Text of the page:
As described in the State’s new Greenhouse Gas Reduction Plan, Towson University’s Regional Economic Studies Institute (RESI) found that implementation of the Plan could create up to 39,000 jobs with net benefits to the State of up to $1.7 billion over ten years. As described in Chapter 7 of the Plan, released yesterday,
During the investment and operation phases of [the Plan’s] strategies, the total economic benefits would include approximately 37,189 jobs maintained in 2020 and $34.0 billion in output between 2010 and 2020. The total cost of all strategies in all subject areas is approximately $32.4 billion. The results. . .are point estimates. . . The expected net benefits range from $1.5 and $1.7 billion and the jobs maintained in 2020 would range from 35.3 to 39.0 thousand jobs. The net benefit includes public and private costs. . .
RESI also found that the Plan would generate additional tax revenues for state and local governments in Maryland. According to their analysis, revenues would significantly increase during the investment phase and decrease during the operation phase. Figure 7-2 provides RESI’s data, showing that the total state and local tax revenues would range from approximately $3.5 to $3.9 billion for the investment phase and decrease by $223 to $245 million for the operation phase.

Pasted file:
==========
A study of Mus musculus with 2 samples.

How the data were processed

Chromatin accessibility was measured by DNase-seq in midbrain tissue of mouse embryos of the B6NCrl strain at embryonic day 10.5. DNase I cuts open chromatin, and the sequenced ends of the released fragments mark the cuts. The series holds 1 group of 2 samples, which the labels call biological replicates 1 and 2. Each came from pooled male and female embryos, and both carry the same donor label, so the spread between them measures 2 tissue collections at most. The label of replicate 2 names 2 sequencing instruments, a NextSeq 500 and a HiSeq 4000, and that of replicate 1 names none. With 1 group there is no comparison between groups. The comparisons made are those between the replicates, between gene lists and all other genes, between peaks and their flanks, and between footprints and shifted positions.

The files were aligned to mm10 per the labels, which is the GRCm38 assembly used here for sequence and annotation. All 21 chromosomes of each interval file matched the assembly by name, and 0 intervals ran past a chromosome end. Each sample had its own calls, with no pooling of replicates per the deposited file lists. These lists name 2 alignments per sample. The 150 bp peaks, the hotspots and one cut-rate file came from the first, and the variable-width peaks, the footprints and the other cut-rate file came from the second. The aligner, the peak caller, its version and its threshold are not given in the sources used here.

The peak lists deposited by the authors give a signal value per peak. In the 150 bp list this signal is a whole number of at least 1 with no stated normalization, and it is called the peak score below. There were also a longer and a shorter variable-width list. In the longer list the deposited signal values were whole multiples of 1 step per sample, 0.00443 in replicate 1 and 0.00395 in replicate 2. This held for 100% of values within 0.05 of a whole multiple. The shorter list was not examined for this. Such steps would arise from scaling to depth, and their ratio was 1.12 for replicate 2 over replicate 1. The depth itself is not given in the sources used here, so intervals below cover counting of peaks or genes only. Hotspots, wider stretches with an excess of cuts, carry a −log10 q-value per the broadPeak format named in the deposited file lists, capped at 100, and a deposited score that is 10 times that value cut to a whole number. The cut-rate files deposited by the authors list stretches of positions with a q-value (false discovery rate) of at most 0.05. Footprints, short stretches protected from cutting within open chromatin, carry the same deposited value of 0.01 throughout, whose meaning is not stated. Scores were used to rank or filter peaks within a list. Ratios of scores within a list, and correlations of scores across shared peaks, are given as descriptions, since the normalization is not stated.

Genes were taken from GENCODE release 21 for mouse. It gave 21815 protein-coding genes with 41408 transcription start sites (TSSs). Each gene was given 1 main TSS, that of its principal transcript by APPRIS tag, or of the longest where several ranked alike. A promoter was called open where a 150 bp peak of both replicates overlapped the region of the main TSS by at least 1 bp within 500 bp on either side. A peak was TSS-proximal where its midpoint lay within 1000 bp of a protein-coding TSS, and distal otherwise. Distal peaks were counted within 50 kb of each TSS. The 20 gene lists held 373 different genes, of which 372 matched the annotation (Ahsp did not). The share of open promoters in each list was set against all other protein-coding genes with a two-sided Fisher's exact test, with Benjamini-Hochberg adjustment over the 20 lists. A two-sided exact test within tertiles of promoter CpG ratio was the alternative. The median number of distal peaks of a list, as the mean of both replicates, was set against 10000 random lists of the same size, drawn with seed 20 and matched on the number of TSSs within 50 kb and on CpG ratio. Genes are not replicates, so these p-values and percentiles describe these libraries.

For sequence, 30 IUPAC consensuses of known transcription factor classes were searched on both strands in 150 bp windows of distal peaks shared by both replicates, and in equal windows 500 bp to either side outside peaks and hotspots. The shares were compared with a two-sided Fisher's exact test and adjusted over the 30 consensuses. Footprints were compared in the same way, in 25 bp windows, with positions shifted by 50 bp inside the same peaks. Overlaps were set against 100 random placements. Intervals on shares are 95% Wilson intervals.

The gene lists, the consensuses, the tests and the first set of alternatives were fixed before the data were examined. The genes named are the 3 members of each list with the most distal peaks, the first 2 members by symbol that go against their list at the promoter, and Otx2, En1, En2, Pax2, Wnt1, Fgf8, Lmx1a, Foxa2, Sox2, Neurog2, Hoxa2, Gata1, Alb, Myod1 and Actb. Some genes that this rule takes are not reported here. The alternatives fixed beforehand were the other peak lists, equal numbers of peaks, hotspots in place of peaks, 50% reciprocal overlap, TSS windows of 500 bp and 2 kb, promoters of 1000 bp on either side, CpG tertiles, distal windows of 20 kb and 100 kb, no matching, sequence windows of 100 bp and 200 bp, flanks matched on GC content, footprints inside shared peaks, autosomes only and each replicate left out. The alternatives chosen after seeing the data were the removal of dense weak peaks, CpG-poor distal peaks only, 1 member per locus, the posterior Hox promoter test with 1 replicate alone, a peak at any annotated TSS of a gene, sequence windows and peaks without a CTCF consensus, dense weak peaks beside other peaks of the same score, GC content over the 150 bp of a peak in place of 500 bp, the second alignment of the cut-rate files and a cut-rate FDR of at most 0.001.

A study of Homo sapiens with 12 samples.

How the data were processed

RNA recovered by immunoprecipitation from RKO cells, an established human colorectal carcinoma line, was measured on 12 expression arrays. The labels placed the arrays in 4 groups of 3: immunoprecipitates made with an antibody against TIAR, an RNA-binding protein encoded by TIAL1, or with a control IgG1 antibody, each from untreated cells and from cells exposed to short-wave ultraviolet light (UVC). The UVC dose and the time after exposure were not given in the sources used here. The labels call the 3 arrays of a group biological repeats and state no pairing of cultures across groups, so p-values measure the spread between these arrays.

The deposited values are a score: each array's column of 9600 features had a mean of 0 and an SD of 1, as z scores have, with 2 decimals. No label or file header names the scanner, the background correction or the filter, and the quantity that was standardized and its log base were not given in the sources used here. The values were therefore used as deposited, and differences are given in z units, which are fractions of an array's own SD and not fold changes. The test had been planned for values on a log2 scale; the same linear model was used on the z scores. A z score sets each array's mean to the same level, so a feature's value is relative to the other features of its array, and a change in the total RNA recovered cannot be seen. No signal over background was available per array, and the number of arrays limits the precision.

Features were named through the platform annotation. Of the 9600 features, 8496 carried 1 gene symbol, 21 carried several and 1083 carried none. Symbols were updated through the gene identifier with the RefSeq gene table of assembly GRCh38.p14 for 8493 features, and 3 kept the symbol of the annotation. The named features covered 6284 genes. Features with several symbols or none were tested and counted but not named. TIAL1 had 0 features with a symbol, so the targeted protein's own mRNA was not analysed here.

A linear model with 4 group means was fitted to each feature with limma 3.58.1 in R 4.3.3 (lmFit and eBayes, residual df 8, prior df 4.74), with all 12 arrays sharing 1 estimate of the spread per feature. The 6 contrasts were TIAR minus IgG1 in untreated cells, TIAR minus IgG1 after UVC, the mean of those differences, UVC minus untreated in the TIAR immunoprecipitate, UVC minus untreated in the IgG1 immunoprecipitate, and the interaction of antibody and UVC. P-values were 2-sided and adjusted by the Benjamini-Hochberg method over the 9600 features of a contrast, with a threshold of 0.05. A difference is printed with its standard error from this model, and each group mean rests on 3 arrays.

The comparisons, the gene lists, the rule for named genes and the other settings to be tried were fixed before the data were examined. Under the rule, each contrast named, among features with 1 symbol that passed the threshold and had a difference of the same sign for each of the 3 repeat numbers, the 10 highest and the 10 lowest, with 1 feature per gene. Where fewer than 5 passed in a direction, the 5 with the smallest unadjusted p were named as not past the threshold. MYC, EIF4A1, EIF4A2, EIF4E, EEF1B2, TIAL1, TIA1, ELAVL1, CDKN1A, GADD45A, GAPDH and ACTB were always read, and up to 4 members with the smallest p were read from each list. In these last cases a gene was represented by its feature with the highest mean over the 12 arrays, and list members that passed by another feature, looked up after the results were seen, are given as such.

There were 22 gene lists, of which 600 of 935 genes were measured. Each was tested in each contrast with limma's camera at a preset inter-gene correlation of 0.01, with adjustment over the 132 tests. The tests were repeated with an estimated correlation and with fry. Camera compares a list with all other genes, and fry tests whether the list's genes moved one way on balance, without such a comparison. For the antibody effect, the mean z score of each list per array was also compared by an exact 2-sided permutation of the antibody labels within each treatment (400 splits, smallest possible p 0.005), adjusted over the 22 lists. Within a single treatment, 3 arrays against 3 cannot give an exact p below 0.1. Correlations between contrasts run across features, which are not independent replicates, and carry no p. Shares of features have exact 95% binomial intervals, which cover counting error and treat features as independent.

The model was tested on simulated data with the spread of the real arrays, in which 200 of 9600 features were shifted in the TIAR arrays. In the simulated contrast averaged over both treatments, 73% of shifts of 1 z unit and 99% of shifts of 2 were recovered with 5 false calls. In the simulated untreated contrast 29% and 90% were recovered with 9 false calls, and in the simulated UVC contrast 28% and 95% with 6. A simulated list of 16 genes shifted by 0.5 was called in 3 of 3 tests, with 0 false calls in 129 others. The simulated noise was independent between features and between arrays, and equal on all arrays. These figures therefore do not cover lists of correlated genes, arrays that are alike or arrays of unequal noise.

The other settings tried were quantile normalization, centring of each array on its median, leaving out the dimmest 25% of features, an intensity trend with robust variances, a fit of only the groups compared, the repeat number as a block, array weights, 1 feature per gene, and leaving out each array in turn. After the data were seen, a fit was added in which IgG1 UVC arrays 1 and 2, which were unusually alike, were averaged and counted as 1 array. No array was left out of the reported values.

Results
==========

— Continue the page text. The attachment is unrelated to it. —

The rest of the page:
For more information on interpreting the results of RESI’s study in this area, see the complete plan and appendices, when available and see our previous post, State Climate Change Plan Unveiled at Summit.
RESI’s Executive Director, Daraius Irani, Ph.D., will be coming to MACo’s Summer Conference to present a session on the economic drivers in Maryland county economies. Dr. Irani will forecast Maryland’s economic development and speak specifically about the influence of the education sector, hospitality industry, federal government, and medical field in his talk, Eds, Beds, Feds and Meds. He will present county-level data on the influence of these sectors and others, detailing how their strengths and weaknesses will develop over time. To register for this session and others at the MACo conference, visit the MACo website.